Advertising has always been an impressions business. Whether it was newspapers using subscriber counts to represent reach, or television networks transacting on GRPs, the metric for success has always been the number of potential eyes creative can reach. In traditional media, that was the only metric available to measure attention, so it’s not really a surprise that at the dawn of digital, we were still thinking in terms of impressions. In fact, it’s all we’ve been thinking about all these years.
Digital promised to fundamentally transform the way advertisers reach consumers, and in many ways, it has. We know a lot more today about how many consumers viewed our ads than the ad men of the 1920’s or 1960s ever could have imagined. But even as we’ve solved for major challenges in digital–Was the ad viewable? How viewable was it? Was it in the desired context? – we’ve still been fixated on impressions. But that’s not the real transformation digital promised. To really change the way we reach consumers, we need to ditch the impression and start thinking in four dimensions. Impressions have always been a stand-in for attention, and if we really want to understand attention, we need to understand time. Specifically, the time our creative is in view, and how to make that time work for us.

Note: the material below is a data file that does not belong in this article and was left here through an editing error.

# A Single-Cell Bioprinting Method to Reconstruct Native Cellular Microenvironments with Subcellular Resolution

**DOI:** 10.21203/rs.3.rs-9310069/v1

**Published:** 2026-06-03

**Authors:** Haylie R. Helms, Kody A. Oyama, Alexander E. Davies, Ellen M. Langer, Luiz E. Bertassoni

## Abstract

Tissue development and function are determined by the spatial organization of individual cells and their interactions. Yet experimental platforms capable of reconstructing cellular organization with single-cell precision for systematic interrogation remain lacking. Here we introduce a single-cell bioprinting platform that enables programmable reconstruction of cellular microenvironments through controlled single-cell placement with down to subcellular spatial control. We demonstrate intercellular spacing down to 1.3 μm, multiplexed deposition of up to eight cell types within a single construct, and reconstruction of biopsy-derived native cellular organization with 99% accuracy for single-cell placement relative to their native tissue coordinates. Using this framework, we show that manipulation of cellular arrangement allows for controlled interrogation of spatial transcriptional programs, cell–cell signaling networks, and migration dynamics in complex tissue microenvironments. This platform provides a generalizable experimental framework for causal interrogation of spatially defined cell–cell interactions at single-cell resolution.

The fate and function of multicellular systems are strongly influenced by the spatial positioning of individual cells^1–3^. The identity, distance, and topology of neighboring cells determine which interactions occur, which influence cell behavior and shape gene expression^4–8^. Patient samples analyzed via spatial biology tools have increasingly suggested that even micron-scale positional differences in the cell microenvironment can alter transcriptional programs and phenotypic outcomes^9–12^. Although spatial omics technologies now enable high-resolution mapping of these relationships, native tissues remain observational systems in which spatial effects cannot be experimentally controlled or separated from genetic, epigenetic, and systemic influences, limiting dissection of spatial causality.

In a recent survey, only 10.5% of digital advertising professionals said that the MRC standard for viewability was strong enough for them to transact on. If an ad can be seen, then it has the opportunity to be effective, but that doesn’t mean that it is effective. A 2016 study commissioned by IAS and Interpublic Group (IPG) found that time-spent is a better indicator of an ad’s overall effectiveness than pixels in view. While 17% of those who viewed an ad at the MRC threshold recalled it, recall remained at 17% for ads that fell below the MRC threshold. By contrast, recall doubled to 32% for ads that exceeded the MRC standard. The main differentiator, researchers found, was not how viewable the ad, but how long the consumer was exposed. In fact, ads with longer exposure time were more readily recalled even if they were less viewable.
Perhaps most importantly, moving time to the forefront gives advertisers the opportunity to optimize their campaigns toward a dynamic metric rather than a binary condition. Ads are either viewable, or not viewable, but time exists on a continuum. Optimal time-in-view can vary by brand, by creative, or by platform giving marketers a wider range of dials to turn when optimizing campaigns for maximum impact.
Time and time-based metrics would open the door to a host of new specialized benchmarks customized by industry vertical, platform, and even specific creative types. Instead of building campaigns around industry averages, advertisers can use benchmarks to build custom time-in-view metrics that will reveal how long an ad should remain in view to create the best opportunity for meaningful brand-specific impact. Rather than simply being descriptive of conditions that exist in the digital ecosystem these benchmarks could be prescriptive, guiding the levels of single-impression exposure campaigns need to reach to achieve KPIs and deliver real growth.
If you’re ready to ditch the impression and let time be on your side, click here to read more about IAS Time-in-view reporting.